Jesus and Mary Magdalene were a "divine couple" that was married with two sons, according to a controversial book based on a new reading of an ancient manuscript that suggests Jesus’ wife was "ripped off."

Israeli-Canadian filmmaker Simcha Jacobovici and co-author Barrie Wilson, a York University professor, make the claims in their new book "The Lost Gospel: Decoding the Sacred Text that Reveals Jesus' Marriage to Mary Magdalene."

The book is based on the their reading of a manuscript that is at least 1,450 years old and has been housed in Britain since 1847, currently at the British Library.

The manuscript may be a copy of a first-century document. The text was translated from Syriac into English for the first time, the authors say.

The manuscript fills in some of the gaps in the New Testament, where the story of Jesus skips from his circumcision to the time in his life that he is his early 30s.

"What our gospel does is to fill in those years in a reliable and credible kind of way," Wilson told in a telephone interview from London.

The new book claims that the names Joseph and Aseneth in the manuscript are in fact code names for Jesus and Mary Magdalene. The authors say the text confirms that Jesus was indeed married to Mary Magdalene and that the couple had two sons.

It offers clues about the relationship between Jesus and Mary Magdalene, who are referred to as the "son of God" and the "daughter of God," Jacobovici told

"So what you have here is a gospel before the gospels that doesn’t contradict necessarily the gospels, but contextualizes it. Suddenly we realize, 'oh, they're a couple.'"

And not just a couple, he said. "A divine couple."

"Basically she gets ripped off," Jacobovici says of Mary Magdalene. "According to this text, she's basically airbrushed out of history."

The book also reports on a "previously unknown plot on Jesus' life" more than a dozen years before the crucifixion. It also offers details about a plot to rape Mary Magdalene and kill the children.

The plot is foiled, they write. But the manuscript helps connect some of the dots about the political situation in Galilee prior to the crucifixion.

The manuscript has been in Britain since 1847, when a native of Alexandria, Egypt named Auguste Pacho sold it to the British Museum in 1847.  It was later transferred to the British Library.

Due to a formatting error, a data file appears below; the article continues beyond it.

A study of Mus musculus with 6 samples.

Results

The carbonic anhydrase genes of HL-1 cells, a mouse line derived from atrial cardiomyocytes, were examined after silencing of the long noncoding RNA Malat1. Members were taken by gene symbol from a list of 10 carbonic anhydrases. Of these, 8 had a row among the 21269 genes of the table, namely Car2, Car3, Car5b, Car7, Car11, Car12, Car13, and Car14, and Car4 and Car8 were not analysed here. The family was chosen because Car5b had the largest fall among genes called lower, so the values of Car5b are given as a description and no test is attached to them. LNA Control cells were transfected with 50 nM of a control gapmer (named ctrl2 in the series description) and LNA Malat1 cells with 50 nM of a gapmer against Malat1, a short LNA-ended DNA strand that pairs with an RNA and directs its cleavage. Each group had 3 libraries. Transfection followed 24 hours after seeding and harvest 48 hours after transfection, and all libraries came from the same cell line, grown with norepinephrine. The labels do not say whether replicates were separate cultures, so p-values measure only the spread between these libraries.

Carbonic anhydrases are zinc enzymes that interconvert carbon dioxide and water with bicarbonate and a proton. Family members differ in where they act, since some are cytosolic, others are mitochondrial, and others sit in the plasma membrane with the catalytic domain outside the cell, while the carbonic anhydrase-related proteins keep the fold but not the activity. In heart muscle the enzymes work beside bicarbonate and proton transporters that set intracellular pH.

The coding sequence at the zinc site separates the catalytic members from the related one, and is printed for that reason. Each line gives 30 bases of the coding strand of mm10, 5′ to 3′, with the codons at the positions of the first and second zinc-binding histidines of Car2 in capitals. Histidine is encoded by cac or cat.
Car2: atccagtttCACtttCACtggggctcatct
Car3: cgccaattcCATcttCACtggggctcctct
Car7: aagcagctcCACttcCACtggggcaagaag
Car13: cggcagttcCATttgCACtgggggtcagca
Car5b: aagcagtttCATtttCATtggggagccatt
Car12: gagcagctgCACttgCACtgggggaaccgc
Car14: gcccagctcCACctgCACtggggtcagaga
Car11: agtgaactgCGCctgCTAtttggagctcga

The manuscript had two cover letters attached, both of which were also translated into English.

Critics have already jumped on the book's claims, arguing that the manuscript does not, in fact, carry hidden messages.

Greg Cary, a New Testament professor at Lancaster Theological Seminary said the story contained in the manuscript "doesn't require any decoding."

"That's not to deny that some early Christians interpreted the story allegorically," Carey told The Associated Press. But there is no evidence for "the idea that it's about Jesus and his wife and their two children."

An Oxford University professor, Diarmaid MacCulloch, told Britain's Sunday Times that the book "sounds like the deepest bilge.

"I'm very surprised that the British Library gives these authors houseroom."

Jacobovici dismissed the criticism as "knee jerk, shoot-from-the-hip personal attacks by people who haven't read the book."

He is used to criticism of his work. A documentary called "The Lost Tomb of Jesus," which claimed to have located Jesus' tomb, was widely popular with viewers but ridiculed by scholars who said he misinterpreted an inscription.

Wilson says the story their book tells will expand Christians' understanding of Jesus.

"We begin to see him more as a human being and we begin to see him as a person to whom we can relate far more easily than if he were just a supernatural being floating through existence until his death," Wilson said. "So that to me should be a liberating thought for Christian believers."